What’s Your Favourite Colour?
This is a question you’ve been asked all your life and, as humans do, you’ve probably changed your mind a fair few times. But, have you ever put any more thought into just why blue is your favourite colour? Or why that particular shade of green seems to put your mind at ease? The answer, of course, lies in your mind.
Colours can affect every aspect of your thoughts, feelings, and emotions. Red may make you feel on-edge or energised, while yellow can make you feel anxious, and blue can calm you down. There’s a reason that the rooms of your doctor are never splashed in warm colours like red or orange, but rather soft, soothing pastels like blue and green. Welcome to the psychology of colour.
Think of black– I’m sure it brings to memory periods of mourning or menace; quite the opposite to what the Ancient Egyptians thought black represented: life and rebirth. While you’re reading this, try not to be swayed by what you have been exposed to culturally, but rather how these colours affect you. The fashion world idolises black, and perhaps always will, as it is seen as a colour that looks good on everyone. But, ask a fashionista for a few tips on looking powerful the next time you walk into a business meeting, and they’ll suggest an item of clothing drenched in red. Why, you may ask? Red is both an exciting colour and an aggressive one; it evokes strong emotions, and so, makes the wearer seem more powerful. Are you rethinking your wardrobe choices yet?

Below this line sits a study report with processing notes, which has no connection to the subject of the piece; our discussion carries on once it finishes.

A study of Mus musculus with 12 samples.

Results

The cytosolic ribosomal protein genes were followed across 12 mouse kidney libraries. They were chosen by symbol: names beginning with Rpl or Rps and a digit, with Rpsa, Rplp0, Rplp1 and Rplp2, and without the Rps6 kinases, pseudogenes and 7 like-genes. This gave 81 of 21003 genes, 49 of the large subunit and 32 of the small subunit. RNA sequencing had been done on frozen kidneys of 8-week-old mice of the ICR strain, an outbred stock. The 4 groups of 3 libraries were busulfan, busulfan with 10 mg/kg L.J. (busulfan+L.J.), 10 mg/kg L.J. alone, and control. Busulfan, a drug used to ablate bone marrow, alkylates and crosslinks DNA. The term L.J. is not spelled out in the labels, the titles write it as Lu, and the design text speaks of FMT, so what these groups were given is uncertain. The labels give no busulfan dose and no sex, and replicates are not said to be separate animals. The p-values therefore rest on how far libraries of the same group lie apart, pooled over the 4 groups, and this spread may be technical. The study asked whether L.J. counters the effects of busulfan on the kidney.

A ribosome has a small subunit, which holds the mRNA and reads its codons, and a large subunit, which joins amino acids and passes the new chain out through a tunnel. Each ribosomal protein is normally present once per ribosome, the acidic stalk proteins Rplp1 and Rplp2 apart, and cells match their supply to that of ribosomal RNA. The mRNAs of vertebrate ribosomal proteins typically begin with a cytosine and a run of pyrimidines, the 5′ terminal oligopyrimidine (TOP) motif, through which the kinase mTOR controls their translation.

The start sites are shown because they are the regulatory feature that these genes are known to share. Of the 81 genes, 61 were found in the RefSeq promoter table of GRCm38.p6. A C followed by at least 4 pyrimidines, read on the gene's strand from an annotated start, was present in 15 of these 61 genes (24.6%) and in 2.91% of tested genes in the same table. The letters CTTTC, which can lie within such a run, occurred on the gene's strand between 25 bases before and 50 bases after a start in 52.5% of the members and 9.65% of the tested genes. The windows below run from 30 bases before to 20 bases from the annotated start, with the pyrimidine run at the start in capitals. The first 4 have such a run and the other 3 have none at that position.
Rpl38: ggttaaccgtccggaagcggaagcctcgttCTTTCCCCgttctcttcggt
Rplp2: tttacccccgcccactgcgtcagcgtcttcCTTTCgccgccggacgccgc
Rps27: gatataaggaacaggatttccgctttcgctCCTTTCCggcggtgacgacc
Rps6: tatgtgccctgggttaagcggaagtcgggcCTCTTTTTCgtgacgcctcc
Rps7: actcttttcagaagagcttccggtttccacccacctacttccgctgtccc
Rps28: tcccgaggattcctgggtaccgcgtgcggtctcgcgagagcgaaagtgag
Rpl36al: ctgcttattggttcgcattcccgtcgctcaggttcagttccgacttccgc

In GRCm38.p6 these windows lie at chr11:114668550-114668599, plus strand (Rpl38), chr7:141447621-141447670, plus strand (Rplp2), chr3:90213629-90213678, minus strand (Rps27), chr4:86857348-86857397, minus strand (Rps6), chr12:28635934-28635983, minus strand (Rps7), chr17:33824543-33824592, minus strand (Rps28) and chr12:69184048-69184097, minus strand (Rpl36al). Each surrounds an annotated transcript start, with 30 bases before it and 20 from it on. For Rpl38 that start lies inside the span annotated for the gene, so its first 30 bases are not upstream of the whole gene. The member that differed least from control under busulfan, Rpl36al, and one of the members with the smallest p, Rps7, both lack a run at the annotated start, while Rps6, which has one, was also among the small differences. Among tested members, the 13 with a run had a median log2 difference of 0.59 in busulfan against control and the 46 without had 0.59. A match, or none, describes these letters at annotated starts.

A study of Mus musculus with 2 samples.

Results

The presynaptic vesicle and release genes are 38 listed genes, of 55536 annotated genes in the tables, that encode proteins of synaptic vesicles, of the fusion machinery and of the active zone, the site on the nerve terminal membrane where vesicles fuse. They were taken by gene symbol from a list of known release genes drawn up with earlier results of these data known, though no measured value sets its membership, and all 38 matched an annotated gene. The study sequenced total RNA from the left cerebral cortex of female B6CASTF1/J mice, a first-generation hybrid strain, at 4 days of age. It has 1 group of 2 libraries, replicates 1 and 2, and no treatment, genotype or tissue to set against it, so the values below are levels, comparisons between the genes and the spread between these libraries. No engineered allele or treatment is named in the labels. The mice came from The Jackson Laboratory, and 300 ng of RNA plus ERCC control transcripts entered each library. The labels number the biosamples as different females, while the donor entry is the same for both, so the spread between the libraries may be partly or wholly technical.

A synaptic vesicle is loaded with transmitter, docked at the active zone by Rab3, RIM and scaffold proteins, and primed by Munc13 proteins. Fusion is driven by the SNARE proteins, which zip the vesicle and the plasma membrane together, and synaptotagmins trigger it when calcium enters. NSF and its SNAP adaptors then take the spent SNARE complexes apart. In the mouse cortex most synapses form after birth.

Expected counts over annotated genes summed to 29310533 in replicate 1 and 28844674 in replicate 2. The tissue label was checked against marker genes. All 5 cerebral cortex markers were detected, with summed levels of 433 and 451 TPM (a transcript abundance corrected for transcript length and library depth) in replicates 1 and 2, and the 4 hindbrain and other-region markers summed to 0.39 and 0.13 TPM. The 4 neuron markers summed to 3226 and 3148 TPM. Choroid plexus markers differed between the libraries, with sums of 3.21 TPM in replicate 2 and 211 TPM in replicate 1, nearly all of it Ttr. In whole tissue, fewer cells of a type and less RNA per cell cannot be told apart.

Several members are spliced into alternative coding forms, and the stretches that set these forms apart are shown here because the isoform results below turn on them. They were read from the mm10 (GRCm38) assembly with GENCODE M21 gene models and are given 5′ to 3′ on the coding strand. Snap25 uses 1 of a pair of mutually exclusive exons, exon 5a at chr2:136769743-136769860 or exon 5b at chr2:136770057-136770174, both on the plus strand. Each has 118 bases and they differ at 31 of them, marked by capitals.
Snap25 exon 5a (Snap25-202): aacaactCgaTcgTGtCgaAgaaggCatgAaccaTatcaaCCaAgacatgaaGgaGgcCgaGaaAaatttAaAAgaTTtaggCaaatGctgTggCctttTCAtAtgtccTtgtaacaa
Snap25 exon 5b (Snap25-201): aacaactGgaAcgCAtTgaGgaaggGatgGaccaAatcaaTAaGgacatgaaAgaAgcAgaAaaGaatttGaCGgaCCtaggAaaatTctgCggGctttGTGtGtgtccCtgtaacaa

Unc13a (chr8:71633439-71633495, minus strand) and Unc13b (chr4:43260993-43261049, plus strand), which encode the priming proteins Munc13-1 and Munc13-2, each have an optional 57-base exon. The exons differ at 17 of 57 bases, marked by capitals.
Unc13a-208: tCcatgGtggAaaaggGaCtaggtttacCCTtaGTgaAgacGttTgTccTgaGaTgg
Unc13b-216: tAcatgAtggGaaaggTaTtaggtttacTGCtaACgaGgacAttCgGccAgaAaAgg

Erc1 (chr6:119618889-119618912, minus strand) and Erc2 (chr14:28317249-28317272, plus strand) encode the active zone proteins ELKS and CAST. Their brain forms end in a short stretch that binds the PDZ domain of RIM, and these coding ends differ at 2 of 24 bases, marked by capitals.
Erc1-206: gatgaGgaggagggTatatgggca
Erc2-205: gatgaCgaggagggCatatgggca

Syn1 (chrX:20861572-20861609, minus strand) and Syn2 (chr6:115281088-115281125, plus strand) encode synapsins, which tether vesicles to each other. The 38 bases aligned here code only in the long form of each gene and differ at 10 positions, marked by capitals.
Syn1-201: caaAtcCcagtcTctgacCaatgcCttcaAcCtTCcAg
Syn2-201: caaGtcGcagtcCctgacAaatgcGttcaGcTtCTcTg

On the other hand, we have blue, a colour that we are exposed to in abundance. The minute you set foot outside you’re met with blue skies; a day on the beach features both blue skies and an incredible expanse of blue sea. How do you feel? Calm? That’s the point. We can’t deny that nature provides us with what we need to maintain our sanity. On par with blue, green evokes feelings of peace and balance. As a child, weren’t your favourite moments spent outside, playing in the grass?
Colour psychology also suggests that people work better in spaces specifically designed to make them work better. Walk into an accounting firm and take a look around: white, black, grey, and the occasional hint of brown. Now, walk into an advertising agency: RED, BLUE, GREEN, PINK, YELLOW… You get the point.
When it take it down to bare bones, yes, colour has an effect on you psychologically, but just remember that not everyone’s minds are wired the same way.
Stay tuned weekly, as we break down the meaning of each primary colour this month.